Saturday

27th Aug 2016

Lurid atmosphere as Ukrainians vote on EU future

  • Klitschko on the campaign beat (Photo: klichko.org)

A kidnapping on the streets of Kiev, allegations the President is a peeping Tom and that a top opposition figure ordered a gangland murder - Ukraine goes to the polls this weekend in a weird climate which counts for normality in the EU-aspirant nation.

Ballot boxes will open at 8am local time on Sunday (28 October) and close at 8pm, with exit polls expected shortly afterward.


Voters are sick of both Yanukovych and Tymoshenko, but Klitschko - who is running on an anti-corruption ticket - is gaining popularity.

According to polls, the Party of Regions will get 20 to 25 percent, while Udar and the United Opposition will get 15 to 20 percent each.

The populist Communist party might get 10 percent. The Ukraine-Forward party, led by former Tymoshenko ally Natalia Korolevska and football hero Andriy Shevchenko, and the far-right Svoboda party, might each get the 5 percent they need to make it into parliament.

Several hundred "independent" candidates are also running.

But these are mostly local businessmen who get votes by handing out food or bicycles and who later back whichever party wins in order to protect their financial interests.

At stake is the future of Ukrainian democracy and rule of law, as well as its economic welfare and independence from Russia.

Analysts - such as US-based academics Alexander Motyl and Rajan Menon - say that if Yanukovych's party gets a constitutional majority (300 seats) in parliament, it will use it to reappoint him as President in 2015 despite his unpopularity.

Yanukovych has used his last two and a half years in power to jail political opponents and to amass a fortune for himself and family members.

He has also overseen a near-collapse in EU-Ukraine relations.

The signature of an EU trade and political association agreement - seen as the only alternative to Ukraine joining a Russia-dominated customs union - is on hold and ratification is a dim prospect.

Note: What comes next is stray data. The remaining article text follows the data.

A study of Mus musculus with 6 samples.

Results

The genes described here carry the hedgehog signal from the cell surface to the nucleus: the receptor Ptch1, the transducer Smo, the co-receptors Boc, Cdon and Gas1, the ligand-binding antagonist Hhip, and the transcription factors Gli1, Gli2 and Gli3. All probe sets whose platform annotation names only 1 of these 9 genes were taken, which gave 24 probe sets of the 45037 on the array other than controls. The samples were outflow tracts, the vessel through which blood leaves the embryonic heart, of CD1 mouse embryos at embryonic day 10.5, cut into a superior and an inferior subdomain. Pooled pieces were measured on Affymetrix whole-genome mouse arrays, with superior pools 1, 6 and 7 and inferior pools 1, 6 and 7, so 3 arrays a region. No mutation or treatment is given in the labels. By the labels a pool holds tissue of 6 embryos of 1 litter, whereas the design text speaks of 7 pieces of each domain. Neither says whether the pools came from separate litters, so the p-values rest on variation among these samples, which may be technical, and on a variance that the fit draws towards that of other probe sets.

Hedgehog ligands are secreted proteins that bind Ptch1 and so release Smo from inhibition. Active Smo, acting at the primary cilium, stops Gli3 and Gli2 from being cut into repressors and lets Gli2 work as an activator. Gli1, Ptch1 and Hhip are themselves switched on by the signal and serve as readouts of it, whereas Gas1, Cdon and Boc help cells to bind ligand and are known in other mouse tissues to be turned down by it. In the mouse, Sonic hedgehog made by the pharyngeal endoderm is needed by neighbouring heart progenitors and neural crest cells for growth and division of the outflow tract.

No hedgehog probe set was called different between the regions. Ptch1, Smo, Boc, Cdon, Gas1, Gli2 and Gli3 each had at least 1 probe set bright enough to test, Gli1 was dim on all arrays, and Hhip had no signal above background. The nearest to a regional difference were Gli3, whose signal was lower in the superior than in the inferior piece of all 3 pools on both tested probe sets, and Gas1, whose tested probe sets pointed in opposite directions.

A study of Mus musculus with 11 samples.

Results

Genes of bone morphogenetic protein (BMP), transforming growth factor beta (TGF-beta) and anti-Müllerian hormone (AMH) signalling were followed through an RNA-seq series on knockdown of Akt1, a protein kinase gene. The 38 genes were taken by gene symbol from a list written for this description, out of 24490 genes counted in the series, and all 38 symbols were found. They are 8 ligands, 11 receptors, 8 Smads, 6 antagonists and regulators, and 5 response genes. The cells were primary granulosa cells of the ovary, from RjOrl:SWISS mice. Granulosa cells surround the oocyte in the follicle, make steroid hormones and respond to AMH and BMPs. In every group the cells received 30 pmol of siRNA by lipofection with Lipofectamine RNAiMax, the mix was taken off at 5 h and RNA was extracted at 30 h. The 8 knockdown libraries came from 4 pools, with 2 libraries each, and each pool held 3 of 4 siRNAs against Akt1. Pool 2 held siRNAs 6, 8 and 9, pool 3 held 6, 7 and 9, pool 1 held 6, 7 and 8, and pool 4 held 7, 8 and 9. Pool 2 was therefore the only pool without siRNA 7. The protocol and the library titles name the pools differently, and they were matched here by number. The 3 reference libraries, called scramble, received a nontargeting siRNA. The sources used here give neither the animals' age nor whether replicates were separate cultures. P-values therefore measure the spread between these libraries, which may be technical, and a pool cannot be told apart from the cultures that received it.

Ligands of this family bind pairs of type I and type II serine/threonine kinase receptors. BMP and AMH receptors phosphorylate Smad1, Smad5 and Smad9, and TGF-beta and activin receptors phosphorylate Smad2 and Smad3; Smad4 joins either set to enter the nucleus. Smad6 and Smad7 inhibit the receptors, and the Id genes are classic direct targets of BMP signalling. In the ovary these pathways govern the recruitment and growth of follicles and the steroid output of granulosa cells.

With almost 4,000 international monitors in Ukraine this weekend, including 15 MEPs, mass-scale voting fraud is unlikely.

But for some, such as German centre-right MEP Elmar Brok, the election is a priori unfair because Tymoshenko cannot run.

For others, such as EU foreign policy chief Catherine Ashton and US secretary of state Hilary Clinton, the vote lacks credibility for other reasons.

"We are concerned about reports of the use of administrative resources to favor ruling party candidates and the difficulties several media outlets face. Similarly, we are concerned about the continuation of the practice of the Central Election Commission holding closed pre-session meetings and the lack of representation of some political parties on district and precinct election commissions. Distribution of material or financial benefits to voters is another issue that should be investigated and halted," they said in an op-ed in the New York Times this week.

Meanwhile, in a country which is used to watching its MPs punch each other and throw chairs at debates in parliament, there is little that can cause surprise.

But the run-up to the vote has seen an outbreak of fresh oddities in any case.

On 17 October, Tymoshenko accused Yanukovych of getting sexual thrills by watching secret CCTV footage of her on the toilet while in prison. "What do you do with these films? Do you watch them alone or in cheerful company with friends?" she said in an open letter.

On 24 October, Ukrainian police detained Mykola Melnychenko, a former top-level bodyguard, who came back to Ukraine claiming he has evidence that Tymoshenko ordered the contract killing of a businessman in 1996.

In the latest incident, a Russian opposition activist, Leonid Razvozzhayev, who came to Ukraine to seek asylum, vanished to reappear in custody in Moscow saying that he was snatched by Russian intelligence and tortured.

"The special services of a foreign state are operating on Ukraine's territory," Tymoshenko's ally, Yatsenyuk, said, seizing the opportunity to paint Yanukovych as a Kremlin stooge.

Slovakia's Fico goes to Russia

The Slovak prime minister, whose country currently chairs the EU council, will meet the Russian leader ahead of upcoming EU talks on Russia policy.